The conference, “Law, Buddhism and Social Change: A Conversation with the Dalai Lama,” was held on September 20-21 at the University at Buffalo Law School and opened with a discussion between the Dalai Lama and legal practitioners and scholars from around the world.
According to the University’s website, UB Law School Professor and conference organizer Rebecca French, an international authority on Tibetan law and author of ‘The Golden Yoke,’ about Buddhist legal traditions in Tibet, said: “This was one of the first times the Dalai Lama has been asked about legal subject matter.”
The conference was organized by the Baldy Center for Law and Social Policy and the UB Law School.
The UB Law School is home to the Law and Buddhism Project, the world’s first and only center for the study of law and Buddhism. A goal of the conference and of the Law and Buddhism Project, directed by French, is to introduce Buddhist legal concepts to the U.S. legal system, says UB Law School Dean Nils Olsen.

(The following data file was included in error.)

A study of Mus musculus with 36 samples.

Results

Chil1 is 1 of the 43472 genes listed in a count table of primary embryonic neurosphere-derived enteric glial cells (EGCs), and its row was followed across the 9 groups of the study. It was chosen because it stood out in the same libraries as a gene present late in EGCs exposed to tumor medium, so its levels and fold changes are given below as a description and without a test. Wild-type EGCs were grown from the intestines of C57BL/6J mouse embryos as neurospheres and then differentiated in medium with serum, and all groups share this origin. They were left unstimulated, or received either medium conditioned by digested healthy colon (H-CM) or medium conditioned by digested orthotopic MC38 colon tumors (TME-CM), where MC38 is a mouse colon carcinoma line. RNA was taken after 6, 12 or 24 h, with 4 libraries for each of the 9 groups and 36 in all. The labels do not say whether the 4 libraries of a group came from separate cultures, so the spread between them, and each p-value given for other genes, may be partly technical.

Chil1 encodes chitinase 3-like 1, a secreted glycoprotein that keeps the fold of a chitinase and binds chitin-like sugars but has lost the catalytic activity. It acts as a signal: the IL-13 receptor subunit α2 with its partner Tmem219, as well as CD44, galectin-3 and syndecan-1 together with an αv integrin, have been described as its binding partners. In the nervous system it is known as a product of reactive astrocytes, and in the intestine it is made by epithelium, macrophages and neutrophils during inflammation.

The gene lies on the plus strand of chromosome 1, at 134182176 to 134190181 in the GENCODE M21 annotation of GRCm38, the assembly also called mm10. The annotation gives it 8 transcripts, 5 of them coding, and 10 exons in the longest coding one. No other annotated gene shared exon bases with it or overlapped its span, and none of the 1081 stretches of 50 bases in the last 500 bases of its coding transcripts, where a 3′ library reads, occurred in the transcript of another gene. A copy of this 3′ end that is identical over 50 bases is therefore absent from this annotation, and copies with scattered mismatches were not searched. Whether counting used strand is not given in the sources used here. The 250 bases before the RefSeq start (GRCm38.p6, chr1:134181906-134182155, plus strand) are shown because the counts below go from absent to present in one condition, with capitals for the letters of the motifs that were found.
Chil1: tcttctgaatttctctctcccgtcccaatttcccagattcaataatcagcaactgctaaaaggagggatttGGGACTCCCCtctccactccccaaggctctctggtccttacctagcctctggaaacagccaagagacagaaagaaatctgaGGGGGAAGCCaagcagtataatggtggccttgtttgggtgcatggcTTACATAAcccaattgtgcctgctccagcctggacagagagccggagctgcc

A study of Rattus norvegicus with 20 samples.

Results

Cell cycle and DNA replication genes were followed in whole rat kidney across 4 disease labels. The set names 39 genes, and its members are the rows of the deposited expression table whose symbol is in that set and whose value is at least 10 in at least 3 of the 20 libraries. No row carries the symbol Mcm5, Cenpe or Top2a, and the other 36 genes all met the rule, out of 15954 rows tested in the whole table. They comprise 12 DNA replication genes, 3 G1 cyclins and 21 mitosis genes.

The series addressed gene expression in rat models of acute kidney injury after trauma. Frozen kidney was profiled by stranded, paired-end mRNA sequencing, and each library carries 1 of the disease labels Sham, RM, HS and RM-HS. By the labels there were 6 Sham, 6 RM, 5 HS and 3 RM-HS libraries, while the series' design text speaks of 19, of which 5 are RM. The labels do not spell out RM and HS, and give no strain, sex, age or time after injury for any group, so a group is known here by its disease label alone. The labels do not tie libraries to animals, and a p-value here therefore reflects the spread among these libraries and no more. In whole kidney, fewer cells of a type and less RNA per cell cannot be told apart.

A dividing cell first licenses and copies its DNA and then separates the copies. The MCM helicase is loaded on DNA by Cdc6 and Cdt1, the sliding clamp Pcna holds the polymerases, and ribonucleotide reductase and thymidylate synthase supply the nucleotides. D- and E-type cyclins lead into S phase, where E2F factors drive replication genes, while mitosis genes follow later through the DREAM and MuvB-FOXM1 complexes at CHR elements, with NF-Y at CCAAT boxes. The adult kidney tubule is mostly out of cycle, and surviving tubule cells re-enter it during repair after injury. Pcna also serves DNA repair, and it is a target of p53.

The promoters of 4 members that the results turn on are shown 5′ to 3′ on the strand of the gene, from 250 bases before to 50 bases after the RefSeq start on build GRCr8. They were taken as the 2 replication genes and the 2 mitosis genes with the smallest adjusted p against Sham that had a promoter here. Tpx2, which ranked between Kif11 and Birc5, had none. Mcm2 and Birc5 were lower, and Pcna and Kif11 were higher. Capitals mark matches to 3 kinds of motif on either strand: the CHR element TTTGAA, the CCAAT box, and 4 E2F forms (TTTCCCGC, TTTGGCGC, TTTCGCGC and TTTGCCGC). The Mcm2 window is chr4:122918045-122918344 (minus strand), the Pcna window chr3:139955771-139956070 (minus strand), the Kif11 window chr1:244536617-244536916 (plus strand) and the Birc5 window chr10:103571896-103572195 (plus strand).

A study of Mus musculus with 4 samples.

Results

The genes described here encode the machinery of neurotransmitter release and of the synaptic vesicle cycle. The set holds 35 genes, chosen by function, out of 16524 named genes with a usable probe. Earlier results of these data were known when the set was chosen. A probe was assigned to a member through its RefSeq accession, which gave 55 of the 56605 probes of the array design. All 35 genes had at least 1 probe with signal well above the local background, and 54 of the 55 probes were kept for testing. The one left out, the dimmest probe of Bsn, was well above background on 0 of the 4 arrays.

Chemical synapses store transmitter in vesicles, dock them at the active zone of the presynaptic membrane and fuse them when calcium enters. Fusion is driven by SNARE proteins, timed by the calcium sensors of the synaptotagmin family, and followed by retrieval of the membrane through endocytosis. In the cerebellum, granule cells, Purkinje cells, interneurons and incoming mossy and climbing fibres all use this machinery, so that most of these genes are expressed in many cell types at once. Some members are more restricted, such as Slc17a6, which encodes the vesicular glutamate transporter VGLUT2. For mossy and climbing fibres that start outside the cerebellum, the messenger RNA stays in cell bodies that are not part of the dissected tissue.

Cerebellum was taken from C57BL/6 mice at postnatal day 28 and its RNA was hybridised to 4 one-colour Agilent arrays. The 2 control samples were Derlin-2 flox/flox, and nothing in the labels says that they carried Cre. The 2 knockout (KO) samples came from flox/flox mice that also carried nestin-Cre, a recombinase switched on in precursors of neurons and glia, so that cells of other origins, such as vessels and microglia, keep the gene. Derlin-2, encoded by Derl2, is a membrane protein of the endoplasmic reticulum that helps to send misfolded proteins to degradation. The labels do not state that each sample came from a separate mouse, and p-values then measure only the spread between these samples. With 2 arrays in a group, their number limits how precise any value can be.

“It is truly a great honor that the Dalai Lama has chosen to speak at our law school and discuss issues that go to the heart of law and morality,” says Olsen.
“U.S. law schools and universities have a long tradition of studying legal principles found in Judaism, Christianity, Islam and Hinduism,” Olsen explained. “The serious study of Buddhist legal traditions in the U.S. is long overdue. Buddhism, like other world religions, can have a very positive effect on our understanding of morality and law.”